For financial professionals only
Suddenly inflation is back at the top of the agenda, and that makes financial outcomes a lot more difficult to assess and even harder to explain.
That’s where cash flow planning comes into its own. Here are our 3 top tips for creating and interpreting financial plans.
1. When building a cash flow model, first decide if you are going to use constant pounds, nominal pounds or, if your software modelling tool supports it, both.
Here is an outline of the difference between them.
|Modelling in Nominal £s||Modelling in Constant £s|
|Definition||Future cash flows are recorded in the actual amounts of cash that would be saved or spent. Cash values include the effect of future inflation. For example, identical household costs of £1,000 in 2022 would be recorded as £1,050 in 2023.||Future cash flows are recorded in today’s terms, removing the anticipated effects of inflation. Household costs of £1,000 a year would be held constant throughout the modelling.|
|Advantages||Investment returns generally include a measure of compensation for inflation so no estimate of this element of portfolio return is needed.||You can compare your future wealth and spending with your current position in terms you and your client understand. It can be easier to determine future rates of spending if you are working in familiar values.|
|Disadvantages||As with some pension illustrations, modelling with inflation included produces future values that can’t be easily compared to today’s monetary values and can seem out of proportion.||Inflation deflates the real value of debt, particularly long-term mortgage debt on a fixed rate of interest. Accounting for this effect and explaining it to people can be tricky.|
2. Check if your assumptions have change
For nearly ten years inflation didn’t exceed 3% a year. In this context, many financial plans have been run on a 2% inflation expectation. While CPI is the internationally preferred measure of inflation, CPIH is the measure of consumer inflation that includes owner occupier housing costs. These are measured in the Owner Occupier Housing (OHH) cost data series which accounts for 17% of CPIH and is the main driver of the difference between CPI and CPIH.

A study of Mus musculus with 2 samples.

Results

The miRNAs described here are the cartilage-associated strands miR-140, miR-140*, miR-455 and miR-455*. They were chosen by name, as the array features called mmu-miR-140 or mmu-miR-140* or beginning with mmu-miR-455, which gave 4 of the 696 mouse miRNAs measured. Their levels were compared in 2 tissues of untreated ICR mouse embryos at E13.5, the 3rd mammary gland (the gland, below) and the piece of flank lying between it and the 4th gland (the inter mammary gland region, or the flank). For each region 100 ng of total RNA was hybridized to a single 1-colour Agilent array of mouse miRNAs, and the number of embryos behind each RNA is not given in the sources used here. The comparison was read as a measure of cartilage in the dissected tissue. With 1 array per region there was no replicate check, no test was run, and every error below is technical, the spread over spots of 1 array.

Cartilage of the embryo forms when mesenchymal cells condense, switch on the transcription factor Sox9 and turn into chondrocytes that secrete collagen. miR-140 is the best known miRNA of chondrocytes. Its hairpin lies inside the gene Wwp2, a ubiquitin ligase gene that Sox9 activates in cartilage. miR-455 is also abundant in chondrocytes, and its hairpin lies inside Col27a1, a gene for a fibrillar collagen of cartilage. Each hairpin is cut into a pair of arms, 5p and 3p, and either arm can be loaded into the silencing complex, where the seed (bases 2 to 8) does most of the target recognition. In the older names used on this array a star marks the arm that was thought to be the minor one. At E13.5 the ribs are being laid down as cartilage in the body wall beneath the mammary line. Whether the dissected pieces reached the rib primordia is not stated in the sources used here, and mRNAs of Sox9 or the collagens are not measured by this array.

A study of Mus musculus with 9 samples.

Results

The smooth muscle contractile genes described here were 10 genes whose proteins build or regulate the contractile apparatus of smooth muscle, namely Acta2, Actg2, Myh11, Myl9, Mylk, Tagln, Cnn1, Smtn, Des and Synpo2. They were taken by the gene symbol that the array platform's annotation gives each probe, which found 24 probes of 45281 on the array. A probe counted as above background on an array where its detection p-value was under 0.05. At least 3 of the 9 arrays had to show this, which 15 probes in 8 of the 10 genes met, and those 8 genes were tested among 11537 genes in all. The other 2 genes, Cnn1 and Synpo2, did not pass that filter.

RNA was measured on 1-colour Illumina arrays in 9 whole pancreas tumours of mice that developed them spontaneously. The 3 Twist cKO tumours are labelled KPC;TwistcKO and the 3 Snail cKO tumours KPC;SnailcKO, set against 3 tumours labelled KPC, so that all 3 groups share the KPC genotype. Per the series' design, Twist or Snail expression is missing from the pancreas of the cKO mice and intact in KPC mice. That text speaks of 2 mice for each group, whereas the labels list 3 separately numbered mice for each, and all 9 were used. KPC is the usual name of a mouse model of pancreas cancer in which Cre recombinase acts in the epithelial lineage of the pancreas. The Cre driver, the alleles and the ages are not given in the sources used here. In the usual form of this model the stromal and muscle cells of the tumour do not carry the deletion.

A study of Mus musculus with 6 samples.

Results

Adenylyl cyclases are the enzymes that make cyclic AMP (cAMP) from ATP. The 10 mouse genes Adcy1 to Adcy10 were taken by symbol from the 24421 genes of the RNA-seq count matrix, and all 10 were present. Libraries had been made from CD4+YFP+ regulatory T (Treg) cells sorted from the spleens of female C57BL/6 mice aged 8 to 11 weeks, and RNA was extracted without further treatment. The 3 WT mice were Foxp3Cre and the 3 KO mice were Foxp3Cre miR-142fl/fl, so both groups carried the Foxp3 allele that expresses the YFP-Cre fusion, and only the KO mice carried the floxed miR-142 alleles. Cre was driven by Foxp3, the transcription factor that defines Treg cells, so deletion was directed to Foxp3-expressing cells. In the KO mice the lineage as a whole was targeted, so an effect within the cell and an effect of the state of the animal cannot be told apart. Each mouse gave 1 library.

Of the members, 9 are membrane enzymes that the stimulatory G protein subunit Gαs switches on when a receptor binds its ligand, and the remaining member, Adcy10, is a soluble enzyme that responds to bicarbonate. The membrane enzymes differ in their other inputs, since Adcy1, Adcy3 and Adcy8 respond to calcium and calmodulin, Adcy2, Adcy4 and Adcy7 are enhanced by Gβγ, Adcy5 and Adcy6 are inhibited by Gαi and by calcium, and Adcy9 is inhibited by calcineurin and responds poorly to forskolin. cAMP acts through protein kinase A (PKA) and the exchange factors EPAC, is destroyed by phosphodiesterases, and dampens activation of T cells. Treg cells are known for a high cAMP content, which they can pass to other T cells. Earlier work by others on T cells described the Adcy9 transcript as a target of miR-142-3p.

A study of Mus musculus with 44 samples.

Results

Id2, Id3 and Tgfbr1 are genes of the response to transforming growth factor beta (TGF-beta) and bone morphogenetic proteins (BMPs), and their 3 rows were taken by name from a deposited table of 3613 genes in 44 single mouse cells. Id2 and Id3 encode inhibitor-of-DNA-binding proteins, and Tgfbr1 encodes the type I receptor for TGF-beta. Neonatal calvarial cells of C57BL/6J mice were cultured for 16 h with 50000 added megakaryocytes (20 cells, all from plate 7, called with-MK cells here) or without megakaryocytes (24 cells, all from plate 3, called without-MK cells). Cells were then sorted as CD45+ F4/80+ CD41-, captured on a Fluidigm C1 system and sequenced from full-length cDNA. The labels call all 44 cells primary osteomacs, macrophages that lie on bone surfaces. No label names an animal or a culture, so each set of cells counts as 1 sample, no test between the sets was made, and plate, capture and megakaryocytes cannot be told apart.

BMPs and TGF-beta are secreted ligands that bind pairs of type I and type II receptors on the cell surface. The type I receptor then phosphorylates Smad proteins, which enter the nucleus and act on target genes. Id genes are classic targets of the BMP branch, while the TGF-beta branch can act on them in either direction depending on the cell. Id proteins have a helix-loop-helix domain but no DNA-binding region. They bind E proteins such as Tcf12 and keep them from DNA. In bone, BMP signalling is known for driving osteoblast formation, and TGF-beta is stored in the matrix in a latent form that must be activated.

Look at the difference between these ONS CPI charts for 2011 – 2021 and 2012 – 2022. Inflation has broadly doubled, and could reach 8% at some stage this year.
The question is, do financial plans that work in nominal £s need to change their assumptions for inflation? And where to find evidence for what inflation may be like in future?
One source is the Bank of England’s yield curve website.
As the Bank issue index linked gilts, this is an area under their scrutiny. Comparing market prices of index linked and conventional gilts allows an assessment of anticipated future inflation.
This chart shows that the market doesn’t expect inflation to fall below 3% a year for 20 years. Index linked gilts use the Retail Price Index (RPI) data series. which some prefer for its inclusion of housing costs, particularly mortgage interest bills. However, CPIH includes housing costs too so may be a data set for planners to follow, especially pre-retirement.
3. What is the cost of being retired?
A final issue to raise around inflation assumptions is the question of the ‘basket’ of goods and services specific to retired people. During the employment years, salaries – broadly – end up matching the increased costs of living. In retirement, the balance of consumption changes, with a greater weight on basics, food and heating and, depending on affluence, travel and entertainment.
While this work is focussed on the less affluent, the target incomes are a useful logic check for retirement plans. They assume no cost for accommodation in the higher lifestyle brackets and the heating and lighting costs assumptions are beginning to look out of date.
If you’d like to know more about balancing the needs of your clients in difficult markets, please follow us on Crowdcast where you’ll find our regular webinar schedule.
This article is for financial professionals only. Any information contained within is of a general nature and should not be construed as a form of personal recommendation or financial advice. Nor is the information to be considered an offer or solicitation to deal in any financial instrument or to engage in any investment service or activity. Parmenion accepts no duty of care or liability for loss arising from any person acting, or refraining from acting, as a result of any information contained within this article. All investment carries risk. The value of investments, and the income from them, can go down as well as up and investors may get back less than they put in. Past performance is not a reliable indicator of future returns.